I don’t know if you’re like me, but chronic Lyme disease has made me a more compassionate person. I was a caring person prior to facing Lyme disease, but my perspective has been fine-tuned in these years of sickness. I have a firmer grasp on kindness — on how humbling and moving it is when you’re on the receiving end of someone “giving back.” I’ve learned to cultivate an attitude of giving, even in a time when I feel I have very little (or nothing at all) to give.
But how do you give back when you have no money to spare, or when you’re physically limited? How about when you don’t feel you have the emotional margin to help someone else?
There are a few creative ideas I’ve discovered that give those of us who are disabled from chronic Lyme disease an opportunity to support others. To give back in an authentic and meaningful way that will cost little to nothing. And some of these give an outlet to all the knowledge and experience we’ve gathered throughout Lyme disease treatment and healing.
Giving Back to the Chronic Lyme Disease Community
1. Start an email newsletter.
One way you can give back is by sharing what encourages you. You could start by collecting the links to various blog posts or quotes that were inspiring or helpful. Then use a free email list service like MailChimp to easily collect subscribers and craft beautiful emails to send out. You can share your mission in various chronic illness support groups to get the word out. Or, even reach out to one of your favorite bloggers to see if they would let you write a guest post about your newsletter!
2. Donate to charity through your Amazon purchases.
Did you know that you can donate to your favorite charity just by making your purchases on Amazon? Last year, I started doing this, and it’s a simple, no-added-cost method of giving back. The Amazon Smile Foundation will donate 0.5% of the purchase price to your selected charity. You can read all about the program here and follow the instructions to select your charity. Just be sure that each time you shop you start at Smile.Amazon.com — it’s easy to forget, trust me! But that’s the only way your purchase is recorded, and your charity earns their donation.
While it’s true we join online community groups to find encouragement for ourselves, it’s also a powerful outlet to connect with others who need support during Lyme disease treatment. Simply by interacting with others who post, sharing your knowledge or ways you cope with the many effects of living with illness is invaluable to someone in need. I’ve built so many friendships through online networks and while these friends have poured into me so much, I know that I’ve been able to do the same for them. Never underestimate the gift of offering a listening ear and a kind heart. The world needs more of that.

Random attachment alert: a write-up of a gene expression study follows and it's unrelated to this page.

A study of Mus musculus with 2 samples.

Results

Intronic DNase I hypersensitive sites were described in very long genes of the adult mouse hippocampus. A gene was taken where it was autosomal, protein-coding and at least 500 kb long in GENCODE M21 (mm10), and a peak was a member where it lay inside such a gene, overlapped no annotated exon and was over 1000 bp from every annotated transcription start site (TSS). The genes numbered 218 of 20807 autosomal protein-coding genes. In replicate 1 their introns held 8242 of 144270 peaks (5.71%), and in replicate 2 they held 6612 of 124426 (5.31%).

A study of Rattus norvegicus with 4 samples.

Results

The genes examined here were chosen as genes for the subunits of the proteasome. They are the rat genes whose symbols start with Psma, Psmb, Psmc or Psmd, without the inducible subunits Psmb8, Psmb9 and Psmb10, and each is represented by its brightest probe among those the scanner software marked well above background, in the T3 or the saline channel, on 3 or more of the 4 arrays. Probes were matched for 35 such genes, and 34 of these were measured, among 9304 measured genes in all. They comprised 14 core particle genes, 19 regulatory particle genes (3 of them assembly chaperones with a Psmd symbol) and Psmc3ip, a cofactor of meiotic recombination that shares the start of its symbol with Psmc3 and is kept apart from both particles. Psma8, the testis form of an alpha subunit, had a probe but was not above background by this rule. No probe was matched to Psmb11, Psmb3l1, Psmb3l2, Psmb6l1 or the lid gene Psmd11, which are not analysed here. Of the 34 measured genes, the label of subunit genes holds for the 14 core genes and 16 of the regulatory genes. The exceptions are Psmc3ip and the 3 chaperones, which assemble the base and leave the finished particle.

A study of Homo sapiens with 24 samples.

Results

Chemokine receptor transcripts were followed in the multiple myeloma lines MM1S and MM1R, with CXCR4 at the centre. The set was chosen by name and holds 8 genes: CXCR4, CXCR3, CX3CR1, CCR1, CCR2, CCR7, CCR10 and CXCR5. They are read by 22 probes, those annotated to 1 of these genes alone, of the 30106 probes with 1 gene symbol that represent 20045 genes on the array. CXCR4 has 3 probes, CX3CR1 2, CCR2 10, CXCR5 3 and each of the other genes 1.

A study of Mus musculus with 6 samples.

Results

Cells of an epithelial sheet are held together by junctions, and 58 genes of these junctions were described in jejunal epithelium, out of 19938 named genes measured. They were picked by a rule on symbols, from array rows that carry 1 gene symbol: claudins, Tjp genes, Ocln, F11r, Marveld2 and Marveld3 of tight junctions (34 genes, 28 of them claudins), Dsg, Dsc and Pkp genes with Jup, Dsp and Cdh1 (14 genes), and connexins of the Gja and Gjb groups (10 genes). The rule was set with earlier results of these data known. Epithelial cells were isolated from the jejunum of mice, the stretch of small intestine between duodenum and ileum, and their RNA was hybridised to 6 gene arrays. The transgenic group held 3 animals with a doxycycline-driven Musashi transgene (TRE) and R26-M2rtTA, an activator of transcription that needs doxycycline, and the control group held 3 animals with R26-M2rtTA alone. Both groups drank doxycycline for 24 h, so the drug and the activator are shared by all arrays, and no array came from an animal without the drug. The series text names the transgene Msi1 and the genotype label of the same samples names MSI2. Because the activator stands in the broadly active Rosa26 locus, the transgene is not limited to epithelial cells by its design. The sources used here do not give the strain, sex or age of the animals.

4. Grow your hair.
Yep, you read that right! Did you know you can donate your hair to organizations that will make wigs for those who’ve lost all of theirs? You need a minimum of eight or more inches, depending on the organization, so start growing now! After growing out my hair last year, I chopped it off and donated my locks to Children with Hair Loss. They’re a great organization that gives a hair replacement and care kit to over 300 children every year, without ever charging a dime. To donate your hair follow these instructions. You will have to cover the cost of shipping the hair, but it didn’t cost me more than a few dollars.
With Lyme disease treatment, must of us are on a tight budget and don’t have to have loads of extra money (or any money, for that matter) to be able to give back in this limited life we’re living. Illness takes so much from us, it’s true. But our compassion, our kindness and our creativity are forever ours. And it might be just the thing someone else needs from you today.
What low or no cost items would you add to the list of ways to support others in need?
This article was first published on ProHealth.com on October 16, 2016 and was updated on September 15, 2020.
Kami is a wife, writer, sister and friend, living in the beautiful southern Oregon. Tacos, yoga pants and watching FRIENDS on repeat are a few of her favorite things. She’s been battling chronic Lyme disease for many years and has faced her share of trials and loss. She shares her pursuit of grace and healing in the midst of the deserts of life on her blog, Living Grace. Through writing, her heart and purpose are to bring light and comfort to others facing their own trials. You can follow Kami on Instagram.